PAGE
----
Feb. 14--ANACONDA -- Bowman Field in Anaconda could be in line for another in a series of Federal Aviation Administration grants, if the county can come up with matching funds to secure the airport improvement money.
At Tuesday's meeting, airport manager Jim Novak will ask commissioners to approve an expenditure of $2,500 to provide matching funds for an FAA grant worth around $100,000.
According to the grant application, the money is needed for maintenance of paved surfaces including crack sealing and re-striping.
Novak says it's too good of a deal to pass up, considering the present budget problems and the need for upkeep.
"Where else could they get $100,000 for about $2,500?" he said. "If they had to do it on their own, they could not afford it." Last year, when the county could not make the match for a $60,000 FAA grant, the airport board members had to solicit donations from the community, he said.
The grant came through, and the money was used to install an automated weather observation system in November that cost around $55,000, Novak said.
With the new system, citizens as well as pilots in the air can access important details about wind, temperatures, visibility and other information around the clock. Aircraft can tune their radios to 122.8 MHz and key four times for an instant broadcast.
The information is available to non-pilots, too. Anyone may call 563-8275 for automated, up-to-date information on wind direction and speed, barometric pressure, relative humidity, dew point and other items.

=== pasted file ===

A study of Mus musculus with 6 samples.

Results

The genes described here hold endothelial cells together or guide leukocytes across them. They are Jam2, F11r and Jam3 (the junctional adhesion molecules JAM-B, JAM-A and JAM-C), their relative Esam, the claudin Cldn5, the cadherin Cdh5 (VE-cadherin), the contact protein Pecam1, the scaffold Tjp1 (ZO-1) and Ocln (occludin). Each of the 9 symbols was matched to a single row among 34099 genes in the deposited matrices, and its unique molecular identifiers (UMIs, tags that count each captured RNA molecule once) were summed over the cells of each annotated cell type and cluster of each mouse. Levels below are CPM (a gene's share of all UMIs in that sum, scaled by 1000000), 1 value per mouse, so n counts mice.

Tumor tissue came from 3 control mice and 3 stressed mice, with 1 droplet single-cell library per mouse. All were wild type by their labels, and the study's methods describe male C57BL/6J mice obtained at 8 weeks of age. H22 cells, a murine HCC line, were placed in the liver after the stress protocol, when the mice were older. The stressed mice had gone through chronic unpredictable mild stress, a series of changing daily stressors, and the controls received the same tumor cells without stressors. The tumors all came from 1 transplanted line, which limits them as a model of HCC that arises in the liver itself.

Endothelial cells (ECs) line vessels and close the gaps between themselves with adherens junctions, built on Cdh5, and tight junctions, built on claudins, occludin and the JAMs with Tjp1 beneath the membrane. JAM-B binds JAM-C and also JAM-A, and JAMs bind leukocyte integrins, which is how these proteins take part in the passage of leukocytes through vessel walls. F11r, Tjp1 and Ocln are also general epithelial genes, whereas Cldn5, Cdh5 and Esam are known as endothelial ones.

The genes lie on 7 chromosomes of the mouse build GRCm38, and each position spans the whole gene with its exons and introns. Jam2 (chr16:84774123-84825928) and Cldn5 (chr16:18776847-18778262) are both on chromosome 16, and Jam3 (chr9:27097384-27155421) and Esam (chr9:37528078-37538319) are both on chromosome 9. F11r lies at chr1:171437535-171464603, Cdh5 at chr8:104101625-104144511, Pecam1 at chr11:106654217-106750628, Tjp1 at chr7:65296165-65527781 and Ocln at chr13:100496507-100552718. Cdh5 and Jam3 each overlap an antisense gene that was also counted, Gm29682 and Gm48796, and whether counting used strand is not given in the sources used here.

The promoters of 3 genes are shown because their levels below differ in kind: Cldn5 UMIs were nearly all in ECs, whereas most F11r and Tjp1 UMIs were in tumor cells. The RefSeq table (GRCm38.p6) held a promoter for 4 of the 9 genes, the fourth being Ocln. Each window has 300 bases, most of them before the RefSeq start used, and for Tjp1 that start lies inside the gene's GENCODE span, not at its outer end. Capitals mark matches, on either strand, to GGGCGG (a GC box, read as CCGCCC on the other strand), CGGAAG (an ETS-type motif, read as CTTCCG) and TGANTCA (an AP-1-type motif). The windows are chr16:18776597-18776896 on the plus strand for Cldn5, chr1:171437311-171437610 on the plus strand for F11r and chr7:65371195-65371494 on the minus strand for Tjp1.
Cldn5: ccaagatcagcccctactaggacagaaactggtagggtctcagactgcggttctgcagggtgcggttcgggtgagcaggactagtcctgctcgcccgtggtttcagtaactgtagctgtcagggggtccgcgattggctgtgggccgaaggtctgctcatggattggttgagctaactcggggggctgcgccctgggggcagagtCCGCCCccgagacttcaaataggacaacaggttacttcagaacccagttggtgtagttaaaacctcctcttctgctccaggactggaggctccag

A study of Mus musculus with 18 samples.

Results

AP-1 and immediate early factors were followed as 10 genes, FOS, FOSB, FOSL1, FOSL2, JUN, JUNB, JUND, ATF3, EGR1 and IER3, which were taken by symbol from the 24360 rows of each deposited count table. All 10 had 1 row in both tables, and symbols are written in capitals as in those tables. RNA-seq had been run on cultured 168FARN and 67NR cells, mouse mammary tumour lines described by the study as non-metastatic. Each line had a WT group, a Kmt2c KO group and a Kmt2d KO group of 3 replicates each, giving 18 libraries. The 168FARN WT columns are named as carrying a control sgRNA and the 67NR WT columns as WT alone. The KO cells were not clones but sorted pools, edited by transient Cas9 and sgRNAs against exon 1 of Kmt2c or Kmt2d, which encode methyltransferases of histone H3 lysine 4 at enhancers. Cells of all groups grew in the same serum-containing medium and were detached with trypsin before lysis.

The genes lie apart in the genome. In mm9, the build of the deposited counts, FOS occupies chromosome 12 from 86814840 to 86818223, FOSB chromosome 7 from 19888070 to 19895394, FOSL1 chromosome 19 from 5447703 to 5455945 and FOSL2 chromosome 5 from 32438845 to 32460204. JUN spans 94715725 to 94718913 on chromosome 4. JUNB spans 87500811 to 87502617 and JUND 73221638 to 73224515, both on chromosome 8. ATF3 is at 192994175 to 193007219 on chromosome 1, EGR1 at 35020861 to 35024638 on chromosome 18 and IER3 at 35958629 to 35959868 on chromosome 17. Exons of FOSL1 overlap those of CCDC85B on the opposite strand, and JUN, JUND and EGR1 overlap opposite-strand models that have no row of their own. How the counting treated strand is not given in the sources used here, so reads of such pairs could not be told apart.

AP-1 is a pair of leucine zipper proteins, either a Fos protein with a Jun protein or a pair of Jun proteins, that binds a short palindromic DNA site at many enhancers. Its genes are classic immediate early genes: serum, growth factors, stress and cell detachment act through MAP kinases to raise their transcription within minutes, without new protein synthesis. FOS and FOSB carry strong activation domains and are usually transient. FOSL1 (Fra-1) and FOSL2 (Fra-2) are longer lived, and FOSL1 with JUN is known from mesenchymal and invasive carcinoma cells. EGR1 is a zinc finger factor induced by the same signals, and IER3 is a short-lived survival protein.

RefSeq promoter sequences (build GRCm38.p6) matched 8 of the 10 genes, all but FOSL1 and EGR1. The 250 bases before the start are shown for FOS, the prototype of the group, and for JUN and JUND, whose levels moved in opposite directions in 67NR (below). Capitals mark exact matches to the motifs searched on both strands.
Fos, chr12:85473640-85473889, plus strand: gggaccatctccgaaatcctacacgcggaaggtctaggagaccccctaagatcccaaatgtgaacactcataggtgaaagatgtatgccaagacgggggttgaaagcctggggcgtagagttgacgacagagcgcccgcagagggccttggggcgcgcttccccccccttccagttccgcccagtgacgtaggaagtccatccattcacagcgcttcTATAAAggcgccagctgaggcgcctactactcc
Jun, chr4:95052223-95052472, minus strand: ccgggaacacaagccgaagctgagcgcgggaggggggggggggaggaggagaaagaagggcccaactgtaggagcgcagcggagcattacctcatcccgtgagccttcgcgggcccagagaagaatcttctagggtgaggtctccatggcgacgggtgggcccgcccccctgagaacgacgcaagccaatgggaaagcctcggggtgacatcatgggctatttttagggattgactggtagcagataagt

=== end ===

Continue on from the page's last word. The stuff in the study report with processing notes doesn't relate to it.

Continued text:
This year, preserving the pavement tops the list of concerns.
The airport includes a main runway that's 6,000 feet long, a 2,400-foot taxi runway and a 4,400-foot crosswinds runway.
"That's a little bit better than average for a community of 10,000," he said.
The last major paving project was done in 1993. The surfaces were sealed to slow deterioration in 2001, and it's time to repeat the process to extend the life of the pavement before water penetrates and caused potholes.
Novak said upkeep of the airport is essential.
"It's very important to the Anaconda community," he said. "The Anaconda people don't realize how much it's used." Bowman Field sees frequent use by aircraft from agencies like the Forest Service, state Department of Fish, Wildlife and Parks and the business community. It's handy for medical air services, and provided a landing space for aircraft from regional hospitals when a carbon monoxide incident at the Anaconda Job Corps sent students away for special emergency treatments. Guests at Fairmont Resort and the Old Works Golf Course frequently fly in, as do real estate agents and their clients.
"A lot of real estate deals have been brokered by out-of-town people," he said. "And consequently, most of them fly."